Affected Roles: Administrator
Last Edit: March 11, 2020
The benefits of having your VMAX IP Plus recorder connected to your router include the ability to monitor the NVR from your phone or computer, access to the FTP server for firmware updates, and access to other functions of the NVR (Email Notification, Pathfinder, Push-Notifications, etc.).
This guide will explain the basic steps for connecting the VMAX IP Plus to a network for LAN connection and for WAN connection.
The first portion of the Network Setup is to configure the NVR to communicate over the Local Area Network (LAN), so that you can view your system remotely when you are onsite.
At the NVR, log in as Admin, right-click with your mouse, and select Menu > Network > Network.
To have the NVR request an IP Address from the router, click the IP Detect button and allow the progress to complete.
The NVR’s IP Address will have changed as a result of running the IP Detect function. This is an indicator that the NVR can successfully communicate through your router with other devices.
If there is another NVR on the network, make sure that neither NVR is assigned to the same IP Address or Web Port to avoid a network conflict.
Click Save to apply the settings. The NVR is now set up on the Local Network.
Note: Network information in the included images may appear differently than what displays at your NVR. This information is determined by your Internet Service Provider (ISP) and the router that you are using.
Note: If you are using a VMAX Flex Series NVR, you may need to manually correct the Gateway setting following an IP Detect. Ensure that the Gateway setting is correctly entered. Setting values can be manually entered if the Network Type is set to Static.
It is recommended to test the communication between the NVR and a local device over the Local Area Network (LAN).
If you have a computer connected to the same LAN as the NVR, open a web browser and enter the NVR’s IP Address into the address bar. If the NVR has been assigned a Web Port value of anything other than 80, you will also need to specify the Web Port value in the address bar.
NVR IP: 192.168.1.90
Web Port: 8245
Example URL for connecting from a browser:
If the address is entered correctly and the NVR is communicating over the LAN, the NVR’s Web Viewer will display. The User ID and Password will be the same login that is used at the NVR as well (Default: admin/--- (no password)).
Note: Please be aware that the Web Viewer requires the use of the ActiveX plugin "WebACS" to stream video to your browser. Use of Internet Explorer is recommended viewing streams from your browser is intended. Otherwise, you should still have access to the NVR's menus and settings.
Alternatively, you may test the LAN connection from a mobile application (DW VMAX).
If your NVR communicates successful over LAN, the next step is to set up the network for Wide Area Network (WAN) connection, so that you can view your system when you are offsite.
Port Forwarding Example
Custom settings in your router called “Port Forwarding Rules” will need to be created for remote connection over WAN. If you prefer to DIY, there are different self-help guides and websites that will walk you through the process. For example, PortForward.com () has a variety of guides available for different router manufacturers and models.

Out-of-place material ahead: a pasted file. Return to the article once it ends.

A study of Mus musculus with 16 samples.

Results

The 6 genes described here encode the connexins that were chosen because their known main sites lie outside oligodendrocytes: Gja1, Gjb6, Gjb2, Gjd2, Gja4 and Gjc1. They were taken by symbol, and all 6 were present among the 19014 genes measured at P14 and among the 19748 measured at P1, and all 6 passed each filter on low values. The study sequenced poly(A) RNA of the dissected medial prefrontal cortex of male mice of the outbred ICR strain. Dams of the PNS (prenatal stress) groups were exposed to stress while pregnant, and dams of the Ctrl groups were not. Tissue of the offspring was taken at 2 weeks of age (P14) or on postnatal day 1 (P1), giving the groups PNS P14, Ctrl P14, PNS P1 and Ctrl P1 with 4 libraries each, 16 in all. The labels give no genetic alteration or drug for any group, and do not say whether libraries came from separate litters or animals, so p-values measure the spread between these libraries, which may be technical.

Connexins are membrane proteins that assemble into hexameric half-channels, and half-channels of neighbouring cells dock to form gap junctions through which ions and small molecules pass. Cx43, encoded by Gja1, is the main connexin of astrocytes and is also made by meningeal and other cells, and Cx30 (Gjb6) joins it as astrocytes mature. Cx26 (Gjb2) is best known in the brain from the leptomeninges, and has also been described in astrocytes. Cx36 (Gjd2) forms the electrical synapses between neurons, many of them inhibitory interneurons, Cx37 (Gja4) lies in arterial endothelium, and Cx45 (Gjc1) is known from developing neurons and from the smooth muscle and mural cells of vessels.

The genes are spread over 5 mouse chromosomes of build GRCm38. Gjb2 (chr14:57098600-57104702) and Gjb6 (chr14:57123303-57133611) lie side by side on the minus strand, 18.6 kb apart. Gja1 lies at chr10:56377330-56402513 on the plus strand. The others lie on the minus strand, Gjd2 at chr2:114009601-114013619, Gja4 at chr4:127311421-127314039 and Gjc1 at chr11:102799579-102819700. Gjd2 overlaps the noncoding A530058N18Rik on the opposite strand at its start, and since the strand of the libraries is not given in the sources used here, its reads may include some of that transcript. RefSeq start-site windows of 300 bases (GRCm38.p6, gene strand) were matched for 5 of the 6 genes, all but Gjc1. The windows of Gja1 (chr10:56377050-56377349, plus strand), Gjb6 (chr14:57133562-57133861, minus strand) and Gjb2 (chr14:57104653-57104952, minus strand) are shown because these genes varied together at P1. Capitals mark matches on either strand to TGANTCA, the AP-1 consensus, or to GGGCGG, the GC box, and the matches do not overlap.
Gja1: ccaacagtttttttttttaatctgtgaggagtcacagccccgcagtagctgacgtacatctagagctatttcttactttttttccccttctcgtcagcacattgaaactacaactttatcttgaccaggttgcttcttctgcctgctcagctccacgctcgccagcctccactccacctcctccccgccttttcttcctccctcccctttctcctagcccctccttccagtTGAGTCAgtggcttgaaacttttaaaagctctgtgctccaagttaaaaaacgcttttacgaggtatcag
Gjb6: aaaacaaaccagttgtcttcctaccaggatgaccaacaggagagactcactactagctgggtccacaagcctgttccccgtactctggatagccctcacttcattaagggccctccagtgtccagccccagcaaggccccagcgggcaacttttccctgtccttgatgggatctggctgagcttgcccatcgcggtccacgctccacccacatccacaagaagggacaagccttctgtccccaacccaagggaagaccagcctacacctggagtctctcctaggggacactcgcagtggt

Note: If you are unfamiliar with router networking, we recommend that you contact your Internet Service Provider (ISP) or camera Installer for assistance.
To create Port Forwarding Rules, you will want to have the NVR’s IP Address, Gateway, and the Web Port handy, as the port rule will be specified by device.
Note: The login information is not your Wi-Fi information.
Note: Depending on the router, Port Forwarding may also be referred to as “Pinholes”, “Single-Port”, or “Port Range Forwarding”.
The address used is the NVR’s Local IP Address that was obtained during the IP Detect step of the LAN setup. In our example, we are using 192.168.1.190.
Enter the requested information, then Save the settings to apply the Port Forwarding rule.
Repeat the port forwarding process for the TCP/IP Port.
Checking Port Forwarding Status
Once the Port Forwarding rule has been created, you can test the port status.
This site pulls the Public IP Address of the router and allows you to test port forwarding rules. You will want your port to show successfully open. If the status shows an error or failure, make sure that your NVR is still communicating over LAN and that there are not typos in the Port Forwarding Rule.
Routers will typically change their Public IP Addresses regularly, unless you are paying for a subscribed Static IP Address service with your ISP (Internet Service Provider). Instead of having to regularly check that the Public IP Address of your network has not changed, we recommend the use of a DDNS address.
The DDNS is a static “stand-in” address for your router’s Public IP Address that can be configured through the NVR.
To set up a DDNS address for your NVR:
Note: Use of dyndns.com as the server is for a special setup if a third-party DDNS service will be utilized for remote connection with the NVR.
For our example, we are using “digitalwatchdog2015” as our Host Name.
Note: The DDNS will accept alphanumeric characters only. Do not use spaces or special characters (!?$&#@) in the Host Name.
The complete URL for connecting with the NVR remotely over WAN is <Host_Name>.<DDNS Server>.
For example: digitalwatchdog2015.dyndns.net
Network Setup for the VMAX NVR is complete! Remember that the address used for connection with the NVR is dependent on the type of network that is being used.